MO Bicentennial Minutes: The Role of Women in Missouri at Statehood

A Pioneer Kitchen Scene.
State Historical Society of Missouri.
A Pioneer Kitchen Scene.

The role of women in 1821 varied with ethnic and economic status. Women in French settlements held a dominant role in the family. The matriarch often made decisions about running the household. French wives had the primary role in training and discipline of children, often because of long absences by fathers who were fur traders, miners, or merchants. Girls could marry at age 14, boys at 17, and marriages were a business arrangement requiring parental consent.

Women in American settler families played a more submissive role. Frontier families experienced high infant mortality, and thus families were larger in more settled regions. In rural areas, the wife had to manage nearly all household affairs. They did the food processing; cooking; sewing, including spinning, weaving, and making clothing; fire-building; cleaning; and child rearing. One woman from Callaway County wrote in a letter, “The men and dogs have a fine time but, the poor women have to suffer. They have to pack water [up to] a mile, and do all the cooking and washing.”

In different households, the role of pioneer wives varied from helpmate to servant. Literacy was lower in women as well. Legally, women had inferior status. While single women or widows could own property and conduct financial affairs in some cases, they could neither vote nor participate in public life. Once they married or remarried, their legal role was subservient to their husbands. In some rare cases, pre-marital contracts protected property held by some women.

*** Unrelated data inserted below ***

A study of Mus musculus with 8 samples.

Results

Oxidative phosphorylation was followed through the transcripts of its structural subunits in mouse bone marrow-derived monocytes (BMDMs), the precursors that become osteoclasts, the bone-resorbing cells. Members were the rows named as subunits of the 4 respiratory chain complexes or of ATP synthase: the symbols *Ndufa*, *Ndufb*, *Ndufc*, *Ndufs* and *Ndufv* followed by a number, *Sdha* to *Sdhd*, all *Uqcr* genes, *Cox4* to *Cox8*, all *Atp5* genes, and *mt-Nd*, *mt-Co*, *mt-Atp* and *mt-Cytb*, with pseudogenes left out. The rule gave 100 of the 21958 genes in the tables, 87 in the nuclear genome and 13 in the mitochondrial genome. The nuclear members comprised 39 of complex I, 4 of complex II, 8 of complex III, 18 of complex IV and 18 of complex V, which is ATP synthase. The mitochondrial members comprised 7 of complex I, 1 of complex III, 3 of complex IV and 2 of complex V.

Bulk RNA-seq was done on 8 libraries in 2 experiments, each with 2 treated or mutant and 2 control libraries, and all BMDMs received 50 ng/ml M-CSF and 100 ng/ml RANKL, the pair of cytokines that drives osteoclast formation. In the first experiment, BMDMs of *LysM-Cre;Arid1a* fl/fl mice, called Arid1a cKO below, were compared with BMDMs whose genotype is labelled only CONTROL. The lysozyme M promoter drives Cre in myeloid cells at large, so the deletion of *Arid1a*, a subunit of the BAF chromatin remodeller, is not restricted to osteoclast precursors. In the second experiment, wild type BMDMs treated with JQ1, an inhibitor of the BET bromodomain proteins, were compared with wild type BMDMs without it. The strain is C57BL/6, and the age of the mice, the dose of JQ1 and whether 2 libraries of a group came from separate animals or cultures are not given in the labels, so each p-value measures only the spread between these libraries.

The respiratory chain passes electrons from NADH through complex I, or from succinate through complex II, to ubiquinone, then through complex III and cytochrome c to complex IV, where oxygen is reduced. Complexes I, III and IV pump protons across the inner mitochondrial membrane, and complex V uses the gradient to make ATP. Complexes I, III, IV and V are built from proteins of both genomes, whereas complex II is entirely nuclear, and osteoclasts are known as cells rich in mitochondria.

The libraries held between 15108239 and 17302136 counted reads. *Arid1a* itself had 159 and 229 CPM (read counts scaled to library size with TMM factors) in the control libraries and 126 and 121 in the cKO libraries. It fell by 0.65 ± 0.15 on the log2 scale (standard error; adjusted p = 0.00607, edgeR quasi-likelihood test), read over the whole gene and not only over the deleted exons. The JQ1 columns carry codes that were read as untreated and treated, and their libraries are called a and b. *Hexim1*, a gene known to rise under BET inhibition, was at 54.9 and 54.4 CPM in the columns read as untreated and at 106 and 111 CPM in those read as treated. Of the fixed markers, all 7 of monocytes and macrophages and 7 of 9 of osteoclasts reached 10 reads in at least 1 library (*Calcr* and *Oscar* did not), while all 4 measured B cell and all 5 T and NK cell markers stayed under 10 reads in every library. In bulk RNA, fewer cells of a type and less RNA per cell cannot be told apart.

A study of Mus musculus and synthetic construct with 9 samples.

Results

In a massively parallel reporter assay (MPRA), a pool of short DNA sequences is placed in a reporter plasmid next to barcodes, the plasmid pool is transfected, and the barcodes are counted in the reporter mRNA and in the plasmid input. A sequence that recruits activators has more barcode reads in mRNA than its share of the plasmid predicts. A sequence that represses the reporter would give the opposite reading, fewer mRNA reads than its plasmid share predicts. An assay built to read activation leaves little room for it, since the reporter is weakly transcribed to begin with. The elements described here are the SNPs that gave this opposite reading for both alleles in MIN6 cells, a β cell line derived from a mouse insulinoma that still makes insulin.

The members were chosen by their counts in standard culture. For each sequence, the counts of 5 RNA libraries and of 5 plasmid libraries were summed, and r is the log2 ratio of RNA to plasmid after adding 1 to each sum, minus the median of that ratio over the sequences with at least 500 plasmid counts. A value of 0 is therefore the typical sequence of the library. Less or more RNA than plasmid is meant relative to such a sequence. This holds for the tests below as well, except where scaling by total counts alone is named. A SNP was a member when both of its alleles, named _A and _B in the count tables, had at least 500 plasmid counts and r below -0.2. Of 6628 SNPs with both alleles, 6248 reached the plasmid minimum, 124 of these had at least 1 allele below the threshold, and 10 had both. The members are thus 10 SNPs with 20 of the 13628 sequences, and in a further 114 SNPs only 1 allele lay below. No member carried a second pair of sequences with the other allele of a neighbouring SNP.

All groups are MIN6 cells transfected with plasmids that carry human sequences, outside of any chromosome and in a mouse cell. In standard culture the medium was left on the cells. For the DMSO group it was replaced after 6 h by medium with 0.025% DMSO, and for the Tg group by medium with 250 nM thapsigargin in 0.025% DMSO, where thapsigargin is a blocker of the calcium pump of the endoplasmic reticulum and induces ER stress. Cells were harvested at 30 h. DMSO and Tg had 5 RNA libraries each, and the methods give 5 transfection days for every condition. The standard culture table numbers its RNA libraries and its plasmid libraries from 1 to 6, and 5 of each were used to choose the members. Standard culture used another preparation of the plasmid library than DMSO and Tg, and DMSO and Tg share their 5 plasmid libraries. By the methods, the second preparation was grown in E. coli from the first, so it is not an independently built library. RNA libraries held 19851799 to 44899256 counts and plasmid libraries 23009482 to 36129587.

Religious services and events provided relief from the daily pattern of life for women, as did community chores turned into entertainments such as house raisings or quilting bees.

Bill Eddleman was born in Cape Girardeau, and is an 8th-generation Cape Countian. His first Missouri ancestor came to the state in 1802. He attended SEMO for two years before transferring to the University of Missouri to study Fisheries and Wildlife Biology. He stayed at Mizzou to earn a master of science in Fisheries and Wildlife, and continued studies in Wildlife Ecology at Oklahoma State University.